On Jan. 24, Michael Bloomberg hired Rachel Sterne, New York City's first Chief Digital Officer. It was an eye-catching move -- the first of its kind in the nation -- for a city government. In May Ms. Sterne, age 27, published the "Road Map for the Digital City," a plan for New York to become America's "top-ranked digital city," in the words of the mayor.
The plan involves public-private partnerships with city tech start-ups like Foursquare and Tumblr, increased internet access across the boroughs, a more intuitive and useful city web presence, and new uses for mobile, video, and social media. It positions New York City aggressively across the digital space, with Ms. Sterne as a sort of curator in order to be transparent, relevant, and responsive for the city's eight million citizens.
It is a position and plan equal to the challenge of integrating the two aspects of contemporary life -- our physical and digital spaces.
But for a variety of reasons, such coherent approaches to life in the digital age remain elusive, especially for major, culturally significant institutions. And among America's great institutions, the Catholic Church looms large as another arena for the reconciling of our physical and digital experiences. The American Catholic Church represents nearly a quarter of the population; some 68 million people across 18,000 parish churches within 195 dioceses in 50 states.
Catholics under 30, who embody the future of the Church, are true digital natives. They experience life in both the physical and digital space, with real world experiences like the Mass amplified across online profiles and communities, sparking curiosity and conversation among people who expect to be able to find answers (at least, orthodox clarity of information) as simply as they search for an address or pay a bill.
The digital life, in other words, impacts lines of thinking and personal formation. This leads to an inescapable conclusion: the Catholic Church is missing a tremendous opportunity.
The dioceses, and especially the major Archdioceses in cities like Philadelphia and Los Angeles -- the organs of the Church's unique central management -- have a chance to take a cue from New York City's hiring of Ms. Sterne to recruit "Directors of Digital Strategy" of their own.
Pope Benedict XVI has made the new evangelization a cornerstone of his papacy. This is the challenge of carrying the Gospel message with a new zeal and urgency to all people, everywhere. What simpler way to begin answering this call than to make the local Church relevant in the digital space -- the lives -- of her people?
Directors of Digital Strategy could develop coherent, custom plans of action, with clear lines of responsibility, and answer directly to the bishop, serving as a digital adviser. Parish churches, too, could recruit their own digital liaisons to take charge of online media, branding, access, and communication on a local level, working in tandem with the diocese strategist.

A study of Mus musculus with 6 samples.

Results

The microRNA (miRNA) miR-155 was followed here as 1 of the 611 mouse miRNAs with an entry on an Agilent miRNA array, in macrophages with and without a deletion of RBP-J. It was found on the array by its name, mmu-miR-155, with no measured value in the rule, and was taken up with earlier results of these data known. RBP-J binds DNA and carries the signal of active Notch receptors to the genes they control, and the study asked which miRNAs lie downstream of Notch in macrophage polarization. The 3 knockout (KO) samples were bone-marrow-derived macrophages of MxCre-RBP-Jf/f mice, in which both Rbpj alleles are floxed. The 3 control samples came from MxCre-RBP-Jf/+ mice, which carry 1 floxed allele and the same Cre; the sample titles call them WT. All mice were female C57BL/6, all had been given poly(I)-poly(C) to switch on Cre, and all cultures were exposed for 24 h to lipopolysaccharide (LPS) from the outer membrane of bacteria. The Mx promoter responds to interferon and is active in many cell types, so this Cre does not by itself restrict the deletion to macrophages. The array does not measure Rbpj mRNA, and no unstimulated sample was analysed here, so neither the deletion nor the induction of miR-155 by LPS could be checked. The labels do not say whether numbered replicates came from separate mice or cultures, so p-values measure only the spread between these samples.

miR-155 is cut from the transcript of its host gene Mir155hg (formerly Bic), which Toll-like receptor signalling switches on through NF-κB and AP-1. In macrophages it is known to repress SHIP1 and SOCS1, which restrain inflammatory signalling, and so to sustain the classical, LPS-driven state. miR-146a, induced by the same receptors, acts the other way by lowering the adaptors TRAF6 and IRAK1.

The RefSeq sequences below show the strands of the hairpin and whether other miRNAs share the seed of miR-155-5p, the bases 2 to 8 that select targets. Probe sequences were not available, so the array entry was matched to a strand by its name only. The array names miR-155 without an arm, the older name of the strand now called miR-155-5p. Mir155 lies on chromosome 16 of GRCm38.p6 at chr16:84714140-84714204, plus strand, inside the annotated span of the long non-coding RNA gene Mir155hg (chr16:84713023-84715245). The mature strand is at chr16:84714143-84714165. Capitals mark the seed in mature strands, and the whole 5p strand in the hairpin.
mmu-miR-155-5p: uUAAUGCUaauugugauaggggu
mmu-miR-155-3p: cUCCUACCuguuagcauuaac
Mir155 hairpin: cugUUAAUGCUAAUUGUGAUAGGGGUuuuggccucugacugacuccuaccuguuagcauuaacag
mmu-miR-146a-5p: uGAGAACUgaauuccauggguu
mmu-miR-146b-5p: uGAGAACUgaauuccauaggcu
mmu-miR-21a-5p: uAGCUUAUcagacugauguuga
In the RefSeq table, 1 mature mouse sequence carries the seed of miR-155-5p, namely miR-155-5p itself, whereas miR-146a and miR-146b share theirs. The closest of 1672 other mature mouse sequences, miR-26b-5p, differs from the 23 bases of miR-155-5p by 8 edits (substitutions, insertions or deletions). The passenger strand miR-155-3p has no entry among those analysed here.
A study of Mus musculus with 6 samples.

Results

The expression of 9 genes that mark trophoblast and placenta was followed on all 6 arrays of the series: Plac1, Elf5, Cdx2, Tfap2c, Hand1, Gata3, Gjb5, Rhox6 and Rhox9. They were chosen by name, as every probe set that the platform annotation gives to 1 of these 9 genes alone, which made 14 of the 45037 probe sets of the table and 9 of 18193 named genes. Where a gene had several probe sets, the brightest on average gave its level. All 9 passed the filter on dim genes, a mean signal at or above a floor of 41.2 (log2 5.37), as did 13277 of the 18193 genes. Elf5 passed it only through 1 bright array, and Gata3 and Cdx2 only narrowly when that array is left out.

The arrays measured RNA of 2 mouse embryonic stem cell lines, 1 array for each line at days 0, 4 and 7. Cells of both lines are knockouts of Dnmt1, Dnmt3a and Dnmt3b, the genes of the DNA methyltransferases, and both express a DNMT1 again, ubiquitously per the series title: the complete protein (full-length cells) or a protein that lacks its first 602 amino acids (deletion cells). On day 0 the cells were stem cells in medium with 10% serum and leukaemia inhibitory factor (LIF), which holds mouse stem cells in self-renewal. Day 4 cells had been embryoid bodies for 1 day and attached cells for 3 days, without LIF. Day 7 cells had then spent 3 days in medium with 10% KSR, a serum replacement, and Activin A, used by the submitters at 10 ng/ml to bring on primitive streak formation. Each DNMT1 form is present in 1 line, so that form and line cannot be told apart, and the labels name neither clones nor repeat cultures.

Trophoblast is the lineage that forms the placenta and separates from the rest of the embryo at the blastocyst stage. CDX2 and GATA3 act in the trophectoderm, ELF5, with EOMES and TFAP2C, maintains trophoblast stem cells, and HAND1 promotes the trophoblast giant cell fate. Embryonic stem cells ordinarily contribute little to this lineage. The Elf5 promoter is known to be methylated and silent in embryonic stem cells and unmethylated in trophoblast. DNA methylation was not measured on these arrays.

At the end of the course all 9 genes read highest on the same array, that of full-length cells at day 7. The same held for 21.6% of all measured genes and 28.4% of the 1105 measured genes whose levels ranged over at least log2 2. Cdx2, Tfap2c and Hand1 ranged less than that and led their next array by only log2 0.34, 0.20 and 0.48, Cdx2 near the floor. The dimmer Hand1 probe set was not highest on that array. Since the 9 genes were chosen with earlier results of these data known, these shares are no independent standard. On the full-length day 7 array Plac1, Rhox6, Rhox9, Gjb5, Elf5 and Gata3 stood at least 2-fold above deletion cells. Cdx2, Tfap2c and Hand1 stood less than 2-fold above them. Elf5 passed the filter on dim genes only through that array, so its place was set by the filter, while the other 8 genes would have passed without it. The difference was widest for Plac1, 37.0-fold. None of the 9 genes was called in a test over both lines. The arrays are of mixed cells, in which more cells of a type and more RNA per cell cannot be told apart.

A pilot could be launched, with digital chiefs at a few core dioceses, taking advantage of the asymmetrical, low-cost/high-yield nature of digital solutions to enrich the experience of faith life beyond the pews.
The Archdiocese of Philadelphia, in particular, represents an ideal proving ground for this concept. Charles Chaput, longtime Archbishop in Denver and author, will be taking over in Philadelphia in September. The city has been rocked in recent months by the simmering scandal of the sexual abuse crisis and its handling of accused priests, and the faithful are truly in need of leadership, not only about the state of their churches and their priests, but also on how to communicate their faith in dark times.
Like the citizens of New York City, Catholics in Philadelphia could benefit from a leader favoring a bold posture with new media, communication, and strategy. An initiative that employed cutting-edge solutions in exploring timeless spiritual issues would energize a new generation of parishioners.
The challenge has at least two parts. First, to engage Catholics beyond the Mass across relevant platforms, communicating the eternal message of the Church. Secondly, and critically with near-perilous internal and national economies, to do so at low cost while reaching more souls across diverse physical and digital communities.
Imagine: an Archbishop whose voice was a part of your Facebook feed. Who spoke through short behind-the-scenes videos and personal updates via Twitter. Who checked-in on Foursquare. Who live streamed and archived his Masses and homilies. Who had a public email address.
Or: Churches with their own curated Facebook pages. With Foursquare pages that rewarded frequent check-ins with a one-on-one dinner with the pastor. With short Kindle/iPad histories.
What happens (or doesn't happen) in one space impacts the other.
The challenge is really one of how to tell the story of the faithful, of the church's people in places like Philadelphia, and to produce and develop new digital offerings that can give cause for affection. This is the type of narrative transparency that builds reputational capital.
Catholics want the faith of their communities to shine, and their bishops and priests and schools to be meaningful parts of their lives and positive examples for others. The Catholic choir of community still sings. Like all choirs, it helps to have a director.
A digital strategist, and a roadmap strategy, are a smart way to seize a critical opportunity.